Thursday, May 26, 2011

NATO concerned about Pakistan nukes



An image of Khushab nuclear complex, located about 140 miles south of Islamabad

Source: Press TV
http://www.presstv.ir/detail/181707.html

NATO Secretary General Anders Fogh Rasmussen has expressed serious concerns about the security of Pakistani nuclear facilities amid growing militancy in the country.

Rasmussen said on Tuesday that NATO has the right to be concerned about the security of the violence-hit country.

"I feel confident that Pakistan's nuclear arsenal is safe and well protected," said Rasmussen. "But of course it is a matter of concern and we follow the situation closely."

The security of Pakistan's nuclear facilities has been questioned by the Western military alliance following a recent militant attack on a naval base in southern port city of Karachi.

The militants set off several high intensity explosives and destroyed two surveillance aircraft in Karachi on Sunday night. Fighting continued into Monday morning.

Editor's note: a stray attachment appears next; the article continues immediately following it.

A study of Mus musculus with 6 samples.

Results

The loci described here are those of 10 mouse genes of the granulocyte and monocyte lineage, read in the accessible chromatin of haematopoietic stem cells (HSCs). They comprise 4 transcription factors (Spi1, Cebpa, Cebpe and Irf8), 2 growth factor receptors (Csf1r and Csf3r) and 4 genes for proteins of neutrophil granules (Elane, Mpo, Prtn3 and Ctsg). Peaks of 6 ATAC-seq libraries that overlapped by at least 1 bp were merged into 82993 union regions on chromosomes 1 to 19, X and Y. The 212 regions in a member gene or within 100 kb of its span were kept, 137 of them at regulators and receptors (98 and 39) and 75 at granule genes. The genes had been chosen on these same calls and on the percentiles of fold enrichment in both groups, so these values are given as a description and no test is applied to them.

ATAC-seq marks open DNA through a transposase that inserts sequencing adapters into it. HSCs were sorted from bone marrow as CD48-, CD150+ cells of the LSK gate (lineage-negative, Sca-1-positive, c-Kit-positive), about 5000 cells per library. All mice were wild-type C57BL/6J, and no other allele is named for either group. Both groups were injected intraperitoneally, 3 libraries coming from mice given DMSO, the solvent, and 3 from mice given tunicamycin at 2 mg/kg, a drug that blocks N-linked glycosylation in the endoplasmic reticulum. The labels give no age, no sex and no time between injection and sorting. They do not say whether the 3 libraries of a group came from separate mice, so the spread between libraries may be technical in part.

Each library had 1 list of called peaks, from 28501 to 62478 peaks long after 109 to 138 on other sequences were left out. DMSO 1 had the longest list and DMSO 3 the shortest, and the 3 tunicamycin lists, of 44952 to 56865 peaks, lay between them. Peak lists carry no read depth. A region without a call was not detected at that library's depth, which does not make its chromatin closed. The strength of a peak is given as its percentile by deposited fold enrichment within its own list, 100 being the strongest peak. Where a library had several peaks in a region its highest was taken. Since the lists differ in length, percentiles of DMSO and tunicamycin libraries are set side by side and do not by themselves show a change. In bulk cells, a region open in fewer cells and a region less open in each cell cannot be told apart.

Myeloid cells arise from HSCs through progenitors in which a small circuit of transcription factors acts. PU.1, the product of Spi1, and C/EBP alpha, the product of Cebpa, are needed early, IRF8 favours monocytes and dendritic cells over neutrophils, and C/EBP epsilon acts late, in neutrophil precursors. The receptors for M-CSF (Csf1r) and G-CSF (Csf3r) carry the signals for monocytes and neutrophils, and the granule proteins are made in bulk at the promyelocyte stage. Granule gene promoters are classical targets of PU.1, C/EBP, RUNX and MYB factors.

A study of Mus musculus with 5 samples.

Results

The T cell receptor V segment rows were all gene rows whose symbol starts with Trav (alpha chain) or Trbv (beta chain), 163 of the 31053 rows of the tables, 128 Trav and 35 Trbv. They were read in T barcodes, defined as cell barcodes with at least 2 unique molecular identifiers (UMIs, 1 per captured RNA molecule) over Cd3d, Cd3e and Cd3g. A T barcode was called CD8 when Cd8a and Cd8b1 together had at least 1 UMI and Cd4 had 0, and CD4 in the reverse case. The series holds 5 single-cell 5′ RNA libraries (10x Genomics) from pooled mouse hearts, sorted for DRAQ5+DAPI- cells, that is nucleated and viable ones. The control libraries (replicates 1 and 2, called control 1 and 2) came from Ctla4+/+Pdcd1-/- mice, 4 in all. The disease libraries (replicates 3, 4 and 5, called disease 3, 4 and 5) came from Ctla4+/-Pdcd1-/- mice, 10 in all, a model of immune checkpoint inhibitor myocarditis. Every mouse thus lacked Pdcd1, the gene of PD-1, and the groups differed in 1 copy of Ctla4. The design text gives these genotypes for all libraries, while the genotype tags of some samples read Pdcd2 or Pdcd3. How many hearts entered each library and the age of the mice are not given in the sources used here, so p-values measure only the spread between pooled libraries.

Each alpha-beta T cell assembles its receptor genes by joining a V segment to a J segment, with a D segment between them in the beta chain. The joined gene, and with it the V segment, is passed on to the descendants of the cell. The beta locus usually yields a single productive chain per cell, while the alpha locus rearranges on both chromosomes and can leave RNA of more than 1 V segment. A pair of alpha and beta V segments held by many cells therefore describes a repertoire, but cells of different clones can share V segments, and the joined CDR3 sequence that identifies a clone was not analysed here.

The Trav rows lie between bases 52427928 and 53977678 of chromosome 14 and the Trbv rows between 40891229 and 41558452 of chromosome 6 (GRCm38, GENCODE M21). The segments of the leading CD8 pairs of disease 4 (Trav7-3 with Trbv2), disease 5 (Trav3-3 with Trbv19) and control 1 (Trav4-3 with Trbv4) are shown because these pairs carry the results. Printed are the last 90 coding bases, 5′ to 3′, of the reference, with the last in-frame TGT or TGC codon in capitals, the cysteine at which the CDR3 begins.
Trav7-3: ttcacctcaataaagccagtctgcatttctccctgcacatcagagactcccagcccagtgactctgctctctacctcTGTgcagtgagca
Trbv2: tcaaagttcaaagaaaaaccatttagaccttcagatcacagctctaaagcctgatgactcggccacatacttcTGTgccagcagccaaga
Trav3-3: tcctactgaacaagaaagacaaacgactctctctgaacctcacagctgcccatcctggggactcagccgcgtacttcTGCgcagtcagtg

Despite an offensive by the Pakistani government against pro-Taliban militants, they have spread their influence in various regions, killing people and security forces every day.

Western leaders fear Pakistan's nuclear weapons can fall into the hands of militants.

Senior officials in Islamabad have repeatedly dismissed such concerns, saying Pakistani nukes are in safe hands.

Analysts say the US and its Western allies are preparing the grounds for widespread military presence in Pakistan.

They also believe the US is looking for an excuse to expand its military operations in the troubled southern and central Asian regions to secure bases near Russia and China.

This comes as India and Pakistan have been locked in intense rivalry since they gained independence from Britain in 1947.

India and Pakistan have occasionally tested conventional and unconventional weapons over the past years.

New Delhi conducted its first nuclear test in 1974, followed by five more in 1998. Islamabad conducted its sixth nuclear tests in 1998.

Both neighbors have refused to sign the nuclear Non-Proliferation Treaty and other international treaties that restrict the development or testing of nuclear weapons.